Enterprise

Plan to link potato farmers to global hotels gathers steam

potatoes

A farmer harvesting potatoes in the farmland. FILE PHOTO | NMG

Small-holder Irish potato farmers will in “foreseeable future” get State support to engage in contract farming for multinational restaurant chains in a plan aimed at fetching better prices and cutting costly post-harvest losses.

The developments of the first week of January that saw Kentucky Fried Chicken (KFC) restaurants in Kenya run out of pre-sliced potato imports from Egypt have laid bare the plight of small-scale farmers in getting deals from large corporates, especially multinationals.

Farmers usually battle significantly low prices during the peak production season due to lack of storage facilities which results in wastages amid weak forward linkages to enable them reach end-consumers.

The government in 2020 allocated Sh100 million each for potato cold storage facilities in Nyandarua and Meru in a bid to ease stubbornly high post-harvest losses conservatively estimated at a third of annual output.

Micro and Small Enterprises Authority (MSEA) — the state-run agency tasked with putting up the two potato cold stores and another one for bananas in Kisii — says the facilities will be ready for use mid this year.

The cold storage facilities form the first phase of the project aimed at cutting post-harvest losses for potato farmers and stabilising supply as part of efforts to help farmers fetch better prices even during peak seasons when there is glut.

The second phase will focus on building infrastructure for “basic value addition” and linking farmers through co-operatives to markets in coming years, according to MSEA chief executive Henry Rithaa.

“The assurance we want to give farmers is that as an authority in the cold storage facilities, and working with key stakeholders like the Ministry of Agriculture, the facilities should be running within four to five months,” Mr Rithaa said in an interview.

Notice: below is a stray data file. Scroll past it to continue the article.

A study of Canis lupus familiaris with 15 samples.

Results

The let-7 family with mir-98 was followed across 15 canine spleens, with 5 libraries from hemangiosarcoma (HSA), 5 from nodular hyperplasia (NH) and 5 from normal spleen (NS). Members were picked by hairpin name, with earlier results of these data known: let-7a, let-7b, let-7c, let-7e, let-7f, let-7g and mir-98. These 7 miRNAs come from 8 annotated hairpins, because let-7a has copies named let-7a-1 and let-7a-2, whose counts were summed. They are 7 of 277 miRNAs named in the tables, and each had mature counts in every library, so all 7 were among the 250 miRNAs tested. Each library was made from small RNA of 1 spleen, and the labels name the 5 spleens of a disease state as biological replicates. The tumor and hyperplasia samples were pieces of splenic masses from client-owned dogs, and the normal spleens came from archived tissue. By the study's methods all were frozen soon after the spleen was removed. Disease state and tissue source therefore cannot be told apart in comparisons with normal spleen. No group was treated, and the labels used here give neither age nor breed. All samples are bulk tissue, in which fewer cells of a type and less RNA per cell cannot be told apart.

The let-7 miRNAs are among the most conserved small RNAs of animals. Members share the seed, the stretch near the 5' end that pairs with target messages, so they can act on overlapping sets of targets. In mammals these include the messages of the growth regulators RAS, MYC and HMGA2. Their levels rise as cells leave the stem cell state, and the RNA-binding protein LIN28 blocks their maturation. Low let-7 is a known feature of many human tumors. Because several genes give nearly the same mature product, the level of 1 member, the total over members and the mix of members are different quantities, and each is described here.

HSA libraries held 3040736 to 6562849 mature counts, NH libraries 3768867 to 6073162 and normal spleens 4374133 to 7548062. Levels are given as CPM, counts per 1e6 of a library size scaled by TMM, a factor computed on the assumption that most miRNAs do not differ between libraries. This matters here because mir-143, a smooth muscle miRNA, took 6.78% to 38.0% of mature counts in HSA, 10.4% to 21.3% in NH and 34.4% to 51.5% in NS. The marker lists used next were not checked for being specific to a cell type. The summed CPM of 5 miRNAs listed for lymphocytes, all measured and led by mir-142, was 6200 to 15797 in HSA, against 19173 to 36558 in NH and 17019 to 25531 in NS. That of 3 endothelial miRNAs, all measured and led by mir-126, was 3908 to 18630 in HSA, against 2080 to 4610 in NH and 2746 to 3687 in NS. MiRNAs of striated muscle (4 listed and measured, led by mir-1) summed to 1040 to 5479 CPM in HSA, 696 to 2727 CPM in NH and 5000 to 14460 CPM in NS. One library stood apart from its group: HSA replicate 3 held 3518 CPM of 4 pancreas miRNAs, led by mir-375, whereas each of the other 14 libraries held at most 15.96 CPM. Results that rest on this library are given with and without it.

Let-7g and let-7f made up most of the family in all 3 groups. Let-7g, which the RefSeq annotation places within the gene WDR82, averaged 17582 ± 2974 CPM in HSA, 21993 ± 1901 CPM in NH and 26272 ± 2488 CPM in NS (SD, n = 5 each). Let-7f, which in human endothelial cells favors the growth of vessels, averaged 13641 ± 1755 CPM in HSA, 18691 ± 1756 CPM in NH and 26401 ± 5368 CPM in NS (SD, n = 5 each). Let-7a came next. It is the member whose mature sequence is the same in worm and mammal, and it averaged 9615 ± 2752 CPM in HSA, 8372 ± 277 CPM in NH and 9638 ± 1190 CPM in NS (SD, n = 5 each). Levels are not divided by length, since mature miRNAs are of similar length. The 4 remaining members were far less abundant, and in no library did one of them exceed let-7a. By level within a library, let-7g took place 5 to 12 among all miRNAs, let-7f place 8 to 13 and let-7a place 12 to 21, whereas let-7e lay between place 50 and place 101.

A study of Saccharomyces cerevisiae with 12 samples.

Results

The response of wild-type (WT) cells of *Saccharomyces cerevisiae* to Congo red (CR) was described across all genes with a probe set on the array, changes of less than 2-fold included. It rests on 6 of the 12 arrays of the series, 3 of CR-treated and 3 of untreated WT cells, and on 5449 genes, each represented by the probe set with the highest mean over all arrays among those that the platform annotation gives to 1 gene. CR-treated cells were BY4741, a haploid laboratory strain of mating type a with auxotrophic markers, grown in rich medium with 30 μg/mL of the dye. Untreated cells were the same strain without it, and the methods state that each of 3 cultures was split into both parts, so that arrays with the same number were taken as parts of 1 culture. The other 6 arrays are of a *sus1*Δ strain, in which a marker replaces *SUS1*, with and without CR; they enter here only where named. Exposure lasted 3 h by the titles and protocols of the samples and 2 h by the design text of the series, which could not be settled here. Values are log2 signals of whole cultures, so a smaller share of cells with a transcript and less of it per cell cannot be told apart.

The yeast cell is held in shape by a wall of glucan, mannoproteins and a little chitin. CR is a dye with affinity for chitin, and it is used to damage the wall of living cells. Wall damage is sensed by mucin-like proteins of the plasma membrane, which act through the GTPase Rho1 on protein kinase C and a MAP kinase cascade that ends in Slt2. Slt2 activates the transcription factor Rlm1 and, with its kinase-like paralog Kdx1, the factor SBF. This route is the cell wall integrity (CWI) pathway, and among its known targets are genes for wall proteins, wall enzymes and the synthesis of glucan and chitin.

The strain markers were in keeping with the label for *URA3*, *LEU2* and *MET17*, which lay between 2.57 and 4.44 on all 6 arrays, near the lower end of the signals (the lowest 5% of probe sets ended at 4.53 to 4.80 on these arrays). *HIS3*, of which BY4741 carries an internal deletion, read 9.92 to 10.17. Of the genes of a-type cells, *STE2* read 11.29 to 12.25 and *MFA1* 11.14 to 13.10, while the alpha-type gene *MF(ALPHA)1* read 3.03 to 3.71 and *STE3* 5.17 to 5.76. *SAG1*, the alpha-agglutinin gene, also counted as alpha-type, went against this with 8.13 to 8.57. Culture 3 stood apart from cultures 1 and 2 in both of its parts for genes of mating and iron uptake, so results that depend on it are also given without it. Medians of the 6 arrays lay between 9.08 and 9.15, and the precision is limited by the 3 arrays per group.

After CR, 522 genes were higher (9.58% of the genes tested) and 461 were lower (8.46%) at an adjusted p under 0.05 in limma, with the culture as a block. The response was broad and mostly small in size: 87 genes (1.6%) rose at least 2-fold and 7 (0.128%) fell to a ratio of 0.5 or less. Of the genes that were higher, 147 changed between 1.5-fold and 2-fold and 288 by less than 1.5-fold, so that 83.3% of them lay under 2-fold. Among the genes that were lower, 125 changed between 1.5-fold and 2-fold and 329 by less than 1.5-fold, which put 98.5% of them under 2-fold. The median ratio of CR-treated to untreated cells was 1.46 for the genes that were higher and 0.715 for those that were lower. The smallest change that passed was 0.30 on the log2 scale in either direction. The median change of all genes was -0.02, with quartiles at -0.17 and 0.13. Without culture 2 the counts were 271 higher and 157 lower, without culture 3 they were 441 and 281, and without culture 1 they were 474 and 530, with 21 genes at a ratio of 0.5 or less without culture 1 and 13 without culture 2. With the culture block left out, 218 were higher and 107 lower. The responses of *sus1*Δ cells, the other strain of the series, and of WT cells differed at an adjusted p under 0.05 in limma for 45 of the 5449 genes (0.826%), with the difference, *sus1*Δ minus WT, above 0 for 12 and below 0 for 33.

“Subject to availability of resources (budget allocation), we will then start thinking about the second phase of the project which is basic value addition. We will build support infrastructure …that’s required at the first stage of value addition like peeling, freezing, cutting them to the specifications you want and packaging.”

The MSEA chief estimates the authority will need in the upwards of Sh1 billion to build value addition infrastructure.

This comes at a time the American-owned KFC, whose franchise in East Africa is held by Kuku Foods, has said it is open to local supplies if they meet standards.

KFC, which has been operating in Kenya since 2011, maintains they have been on a journey to identifying a local supplier that has the processing, tracking and cold chain management capability to supply its chain with pre-sliced potatoes.

“Although we currently import our French fries, there is an opportunity to source the potatoes from a local supplier that meets the global KFC quality and safety specifications in the near future," Jacques Theunissen, who runs KFC in East Africa, told the Business Daily in January.

"Unfortunately, the quality and safety specifications for new supplies are proprietary to KFC."

The management of the restaurant chain has since engaged government officials from the Ministry of Trade and Enterprise Development, led by principal secretary Johnson Weru, as well as those from Nyandarua, the leading county in Irish potatoes production.

MSEA, however, says its plan is broad and not targeted at a specific restaurant chain. The plan is to create a supply chain from farmers’ co-operatives, facilitated by the counties, to storage facilities where basic value addition will be done and onto local and international markets.

The authority’s chief maintains state facilitation will be helping farmer co-operatives meet specifications of the multinationals up to the first stage of value addition.

“You know the story of the franchises and the controls that they put on the product designs, tastes and the likes. There’s an extent to which they cannot allow us to penetrate, but they should allow us to produce the potatoes and maybe do the first stage of what they require,” Mr Rithaa said.

“If we can get X Ltd to commit to be the buyer, we will be able to increase potatoes production ten-fold and revenue equally because we are sure that as we do this, these co-operatives that will be bringing them (to the cold storage facilities) know they are tailor-made for specific market. That’s a workable models.”